I have an obsession that I’ve given up trying to beat: I’m fascinated by trash. I started low-waste and plastic-free living in 2013 with a month-long challenge and have since oriented my career and studies around the captivating problem of over-consumption. In 2015, I started working on plastic pollution issues at the International Union for Conservation of Nature (IUCN) in a position funded by the Gallifrey Foundation, a Swiss-based philanthropic foundation.
My current research at Environmental Change Institute, University of Oxford, looks at the environmental justice implications of waste management interventions, examining the relationship between social deprivation and the location of waste incinerators in the UK.
Plastic pollution has captured public attention like few other environmental crises. Those of us in this field pre-2016 saw the ‘Blue Planet Effect’ happen in real-time: at IUCN, we went from trying to convince funders that plastic pollution was a problem worth caring about to having our cup runneth over with funders who wanted to make a splash on the current hottest environmental problem.
Unless we can rapidly halt plastic production, we need to rapidly transition towards a plastic economy that is circular.
In 2018, I represented IUCN in negotiations at the UN for an international treaty on plastics and saw firsthand how complicated it is to reach meaningful consensus between industry, governments and environmental NGOs. Despite these difficulties, there are a huge number of international, national and corporate commitments that all work towards the goal of reducing the amount of plastic leaking into our environment. But how effective are these lofty ambitions at managing this ever-growing problem?
The Plastic Pollution Emissions Working Group (PPEG) is a group of experts who wanted to pin down how effective different interventions actually are at reducing the amount of plastic into aquatic ecosystems. We knew we wanted to pin down how much plastic was currently leaking into all aquatic ecosystems: the oft-quoted Jambeck et al (2015) figure of between 8 -12 million metric tonnes (Mt) annually did not include lakes and rivers, and also needed to reflect 2020 numbers of production and consumption. We found current annual leakage to be between 24-35 million metric tonnes, which is more than three times the number currently used to inform policy responses (Jambeck et al. 2015). It was an incredible experience to work with authors from that seminal study (Jenna Jambeck and Kara Lavender Law) and to be a part of generating new insights for academics and practitioners in this space.
We wrote down a laundry list of policy interventions, from bag bans to an internationally harmonised recycling standard, and got to work quantifying their impact at reducing the mammoth number leaking into our aquatic ecosystems each year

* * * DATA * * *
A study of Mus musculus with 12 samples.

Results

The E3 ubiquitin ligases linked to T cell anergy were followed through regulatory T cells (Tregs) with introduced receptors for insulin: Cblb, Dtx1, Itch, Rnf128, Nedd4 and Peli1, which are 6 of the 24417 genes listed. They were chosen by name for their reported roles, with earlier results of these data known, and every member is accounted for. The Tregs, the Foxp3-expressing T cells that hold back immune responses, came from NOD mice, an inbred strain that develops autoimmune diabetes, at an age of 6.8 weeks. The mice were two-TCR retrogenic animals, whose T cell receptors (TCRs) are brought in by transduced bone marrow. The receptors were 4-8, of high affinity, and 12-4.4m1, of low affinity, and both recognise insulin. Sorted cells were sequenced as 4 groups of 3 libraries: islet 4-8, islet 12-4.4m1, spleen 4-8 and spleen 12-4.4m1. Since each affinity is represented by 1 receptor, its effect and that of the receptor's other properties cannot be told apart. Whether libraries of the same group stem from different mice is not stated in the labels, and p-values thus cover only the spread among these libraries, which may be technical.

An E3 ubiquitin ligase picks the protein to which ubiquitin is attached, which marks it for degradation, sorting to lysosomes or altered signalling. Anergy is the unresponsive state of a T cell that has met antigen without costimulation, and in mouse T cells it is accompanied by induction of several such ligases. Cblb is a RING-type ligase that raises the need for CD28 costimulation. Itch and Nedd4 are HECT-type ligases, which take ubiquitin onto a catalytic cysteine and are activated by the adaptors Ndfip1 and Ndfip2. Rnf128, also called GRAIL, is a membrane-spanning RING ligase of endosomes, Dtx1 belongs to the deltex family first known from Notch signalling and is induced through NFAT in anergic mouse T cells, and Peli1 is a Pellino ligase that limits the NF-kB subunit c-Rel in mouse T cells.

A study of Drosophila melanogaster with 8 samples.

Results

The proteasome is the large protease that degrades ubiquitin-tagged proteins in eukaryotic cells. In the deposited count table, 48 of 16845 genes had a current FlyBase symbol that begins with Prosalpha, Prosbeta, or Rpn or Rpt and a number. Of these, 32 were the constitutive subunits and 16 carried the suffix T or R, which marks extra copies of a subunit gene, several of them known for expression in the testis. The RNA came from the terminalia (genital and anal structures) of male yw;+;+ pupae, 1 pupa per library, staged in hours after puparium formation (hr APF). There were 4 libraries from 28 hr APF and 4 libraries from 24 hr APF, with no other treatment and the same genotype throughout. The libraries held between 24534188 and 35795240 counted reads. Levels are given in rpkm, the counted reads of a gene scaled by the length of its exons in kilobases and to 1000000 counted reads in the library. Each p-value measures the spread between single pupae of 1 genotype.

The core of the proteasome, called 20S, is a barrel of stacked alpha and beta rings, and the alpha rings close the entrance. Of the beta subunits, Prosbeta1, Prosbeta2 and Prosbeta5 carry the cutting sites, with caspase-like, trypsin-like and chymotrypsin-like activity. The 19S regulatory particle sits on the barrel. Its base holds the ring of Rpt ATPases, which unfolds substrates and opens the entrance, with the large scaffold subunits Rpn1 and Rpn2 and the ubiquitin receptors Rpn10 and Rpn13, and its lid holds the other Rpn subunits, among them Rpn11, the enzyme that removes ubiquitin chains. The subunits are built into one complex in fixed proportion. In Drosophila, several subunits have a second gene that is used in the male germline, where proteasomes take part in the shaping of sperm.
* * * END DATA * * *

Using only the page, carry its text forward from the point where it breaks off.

Using a cross section of interventions across three categories (reductions in plastic waste generation, waste management interventions and recovery interventions), we compared multiple reduction scenarios to a business as usual scenario. We wrote down a laundry list of policy interventions, from bag bans to an internationally harmonised recycling standard, and got to work quantifying their impact at reducing the mammoth number leaking into our aquatic ecosystems each year.
We found that even under current ambitious global commitments, between 20-53 million metric tonnes of plastic will enter aquatic ecosystems annually by 2030. That’s the same approximate weight as up to one million ‘Hercules’ airplanes!
This demonstrates that our current commitments are not enough to deal with increasing production of virgin plastics, rising consumption rates, current inadequate waste management efforts, and population growth.
Another scenario we generated sought to keep annual plastic emissions below 8 million metric tonnes, the estimated global emissions in 2010 to the oceans, and the number that prompted a wave of action and commitments on plastic pollution.
We found that the global community would need to make profound, systemic changes to achieve this target:
- Almost halving the amount of plastic waste going to our trash cans by 2030;
- Increasing our waste management capacity by an additional 36-59% each year (in low-income countries, the capacity increase would need to be tenfold);
- And capturing at least 40% of plastic leakage through beach, river and lake clean-ups every year.
What does all of this tell us? There is no time to waste. Unless we can rapidly halt plastic production, we need to rapidly transition towards a plastic economy that is circular. End-of-life plastic products must be valued in order to avoid becoming waste, and clean-up strategies must expand beyond grassroots efforts into systematised efforts in order to catch inevitable leakage. We all must come together to transform the plastics economy and avoid these troubling futures.
Current Environmental Change and Management MPhil Alexis McGivern is a co-author on an article published in Science that quantifies the amount of plastic pollution in lakes, rivers and the oceans by 2030. See 'Predicted growth in plastic waste exceeds efforts to mitigate plastic pollution' in Science.
The study demonstrates that plastic waste production is rapidly outpacing the ability to manage it. Even under the most ambitious current commitments, there will still be up to 53 million metric tonnes of plastic leaking into aquatic environments every year.